More Stores are Opening than Closing for the First Time Since 2017


For the first time in four years (when the term “Stand Back” was nothing more than an earworm in your mom’s record collection) US retailers will open more brick-and-mortar stores than they will close, giving landlords and in-person shoppers a new lease on life.

Storefront and Center

Two forces are driving the phoenix of physical retail, and both have roots in the digital world. First, digital businesses now depend on physical stores — which they’ve learned are easier to ship from and make great places to pick up and return items — to help fulfill e-commerce orders. (That’s part of the reason Amazon is planning its own department stores).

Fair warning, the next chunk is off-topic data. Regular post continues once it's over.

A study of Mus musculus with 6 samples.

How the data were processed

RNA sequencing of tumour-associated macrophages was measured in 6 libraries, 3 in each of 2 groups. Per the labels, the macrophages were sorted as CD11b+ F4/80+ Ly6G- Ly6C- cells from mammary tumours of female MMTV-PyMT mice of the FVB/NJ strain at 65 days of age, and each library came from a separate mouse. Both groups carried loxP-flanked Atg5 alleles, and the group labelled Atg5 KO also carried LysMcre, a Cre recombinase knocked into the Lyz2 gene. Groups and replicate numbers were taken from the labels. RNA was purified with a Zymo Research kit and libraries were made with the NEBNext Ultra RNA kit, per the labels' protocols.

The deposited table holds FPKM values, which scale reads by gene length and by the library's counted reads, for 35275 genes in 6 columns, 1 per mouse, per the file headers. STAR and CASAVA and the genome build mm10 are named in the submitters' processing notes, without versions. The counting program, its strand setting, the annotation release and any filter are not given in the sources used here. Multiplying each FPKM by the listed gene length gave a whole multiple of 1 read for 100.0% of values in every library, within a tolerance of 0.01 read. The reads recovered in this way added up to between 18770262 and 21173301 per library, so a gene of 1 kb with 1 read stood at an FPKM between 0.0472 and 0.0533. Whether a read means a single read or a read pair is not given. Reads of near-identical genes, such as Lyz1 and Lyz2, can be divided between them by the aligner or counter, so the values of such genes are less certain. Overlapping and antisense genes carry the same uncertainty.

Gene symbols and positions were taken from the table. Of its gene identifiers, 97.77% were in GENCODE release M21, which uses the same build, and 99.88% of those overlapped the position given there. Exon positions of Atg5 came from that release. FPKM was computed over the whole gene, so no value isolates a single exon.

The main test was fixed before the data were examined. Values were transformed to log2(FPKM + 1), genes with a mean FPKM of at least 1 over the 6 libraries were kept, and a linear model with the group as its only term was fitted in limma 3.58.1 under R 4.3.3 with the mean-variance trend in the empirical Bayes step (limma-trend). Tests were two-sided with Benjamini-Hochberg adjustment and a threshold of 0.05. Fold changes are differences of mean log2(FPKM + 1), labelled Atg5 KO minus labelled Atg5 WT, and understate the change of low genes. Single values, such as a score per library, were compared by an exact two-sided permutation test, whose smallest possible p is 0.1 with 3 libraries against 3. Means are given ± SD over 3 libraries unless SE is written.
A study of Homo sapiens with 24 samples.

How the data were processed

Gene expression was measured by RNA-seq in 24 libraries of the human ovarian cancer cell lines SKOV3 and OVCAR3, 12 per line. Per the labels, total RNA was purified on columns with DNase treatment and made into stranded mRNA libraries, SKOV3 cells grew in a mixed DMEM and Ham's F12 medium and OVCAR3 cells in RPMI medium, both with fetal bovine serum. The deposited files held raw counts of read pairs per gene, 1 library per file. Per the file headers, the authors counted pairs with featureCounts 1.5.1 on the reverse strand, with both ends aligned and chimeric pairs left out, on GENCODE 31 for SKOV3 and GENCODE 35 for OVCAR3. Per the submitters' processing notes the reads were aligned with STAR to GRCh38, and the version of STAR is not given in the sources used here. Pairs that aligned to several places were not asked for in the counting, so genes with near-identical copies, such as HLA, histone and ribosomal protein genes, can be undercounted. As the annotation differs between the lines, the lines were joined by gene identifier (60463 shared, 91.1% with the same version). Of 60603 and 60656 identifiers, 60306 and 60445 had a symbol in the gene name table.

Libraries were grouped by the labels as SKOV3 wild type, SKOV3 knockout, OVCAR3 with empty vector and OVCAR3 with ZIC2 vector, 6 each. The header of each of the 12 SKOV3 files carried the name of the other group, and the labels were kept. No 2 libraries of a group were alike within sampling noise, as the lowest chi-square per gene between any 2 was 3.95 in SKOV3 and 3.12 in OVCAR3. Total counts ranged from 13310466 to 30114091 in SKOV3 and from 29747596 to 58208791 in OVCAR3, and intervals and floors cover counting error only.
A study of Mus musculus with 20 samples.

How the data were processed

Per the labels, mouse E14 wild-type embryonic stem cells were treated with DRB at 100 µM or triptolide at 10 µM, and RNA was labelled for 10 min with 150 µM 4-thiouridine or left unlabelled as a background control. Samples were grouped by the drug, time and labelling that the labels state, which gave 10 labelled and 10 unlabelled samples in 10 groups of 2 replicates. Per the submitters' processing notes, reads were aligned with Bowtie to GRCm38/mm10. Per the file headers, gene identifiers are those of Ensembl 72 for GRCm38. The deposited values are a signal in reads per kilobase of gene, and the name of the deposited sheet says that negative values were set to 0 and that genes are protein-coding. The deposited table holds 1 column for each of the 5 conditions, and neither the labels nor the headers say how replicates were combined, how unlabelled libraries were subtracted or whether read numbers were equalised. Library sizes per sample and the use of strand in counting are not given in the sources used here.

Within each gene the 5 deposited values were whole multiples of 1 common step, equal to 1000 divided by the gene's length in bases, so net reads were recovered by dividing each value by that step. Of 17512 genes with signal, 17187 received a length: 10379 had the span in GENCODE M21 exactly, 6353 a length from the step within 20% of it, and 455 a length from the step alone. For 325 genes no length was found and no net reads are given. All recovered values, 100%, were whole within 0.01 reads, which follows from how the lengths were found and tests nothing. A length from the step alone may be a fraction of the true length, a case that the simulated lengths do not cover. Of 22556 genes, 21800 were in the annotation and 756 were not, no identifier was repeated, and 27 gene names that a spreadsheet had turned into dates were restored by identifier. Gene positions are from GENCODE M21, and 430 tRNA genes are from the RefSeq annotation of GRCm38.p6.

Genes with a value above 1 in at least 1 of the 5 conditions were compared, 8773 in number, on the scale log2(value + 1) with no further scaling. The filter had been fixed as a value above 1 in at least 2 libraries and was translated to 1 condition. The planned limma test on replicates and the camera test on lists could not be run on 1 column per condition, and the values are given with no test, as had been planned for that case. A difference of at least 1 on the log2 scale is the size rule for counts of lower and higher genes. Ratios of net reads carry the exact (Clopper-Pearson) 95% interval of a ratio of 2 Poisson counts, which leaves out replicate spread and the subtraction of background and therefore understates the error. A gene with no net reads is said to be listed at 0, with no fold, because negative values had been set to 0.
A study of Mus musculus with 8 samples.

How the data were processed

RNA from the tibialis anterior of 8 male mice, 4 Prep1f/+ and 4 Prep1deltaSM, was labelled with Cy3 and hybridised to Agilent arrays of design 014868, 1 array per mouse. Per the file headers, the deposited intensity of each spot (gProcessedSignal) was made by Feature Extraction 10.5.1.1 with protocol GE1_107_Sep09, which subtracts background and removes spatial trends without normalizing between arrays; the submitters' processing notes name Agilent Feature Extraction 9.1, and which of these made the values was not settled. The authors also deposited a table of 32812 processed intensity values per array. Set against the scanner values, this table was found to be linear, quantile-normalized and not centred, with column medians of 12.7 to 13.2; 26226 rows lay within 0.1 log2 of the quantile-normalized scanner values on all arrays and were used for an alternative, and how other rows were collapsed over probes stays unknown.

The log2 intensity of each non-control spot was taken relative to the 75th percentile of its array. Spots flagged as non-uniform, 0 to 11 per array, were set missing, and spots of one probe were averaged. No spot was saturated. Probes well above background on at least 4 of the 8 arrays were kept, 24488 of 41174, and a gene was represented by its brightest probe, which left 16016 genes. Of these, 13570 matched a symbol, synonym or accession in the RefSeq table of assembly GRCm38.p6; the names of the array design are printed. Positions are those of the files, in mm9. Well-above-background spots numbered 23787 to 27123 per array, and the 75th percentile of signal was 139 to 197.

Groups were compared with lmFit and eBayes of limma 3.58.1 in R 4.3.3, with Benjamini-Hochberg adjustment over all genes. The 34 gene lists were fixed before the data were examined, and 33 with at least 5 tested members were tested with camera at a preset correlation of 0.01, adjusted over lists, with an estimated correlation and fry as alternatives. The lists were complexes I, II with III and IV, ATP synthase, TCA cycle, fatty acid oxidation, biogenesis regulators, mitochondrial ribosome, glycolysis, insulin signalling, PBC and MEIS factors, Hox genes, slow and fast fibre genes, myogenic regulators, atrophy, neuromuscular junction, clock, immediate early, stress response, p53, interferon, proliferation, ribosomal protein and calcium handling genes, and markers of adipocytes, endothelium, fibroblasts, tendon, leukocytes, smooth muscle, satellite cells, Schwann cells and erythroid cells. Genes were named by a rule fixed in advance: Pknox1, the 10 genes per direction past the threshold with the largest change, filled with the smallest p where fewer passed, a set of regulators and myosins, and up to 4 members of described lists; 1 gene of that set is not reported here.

Second, since big tech companies Google and Apple began cracking down on the use of cookies and online tracking, finding customers browsing in cyberspace has gotten 50% more costly in the last five years, according to digital customer retention firm Profiitwell.

Meanwhile, America’s large chains closed 6,573 more stores than they opened last year, giving desperate landlords an incentive to sweeten lease deals :

  • With better terms on the table, retailers splurged, opening 4,361 more brick-and-mortar stores in 2021 than they closed.
  • Harmit Singh, CEO of Canadian tuxedo manufacturer Levi Strauss, told The Wall Street Journal that since his company is nabbing space for prices 15% less than pre-pandemic levels, he plans to open 100 US stores in the next 3 to 5 years.

In-Line or Online? On Black Friday, visits to retail stores and shopping centers were up 48% from a year ago but still trailed 2019 by 28%, according to Sensormatic. Meanwhile, online Black Friday sales fell to $8.9 billion from a record $9 billion last year, the first time online sales have fallen since Adobe started keeping track back in 2012.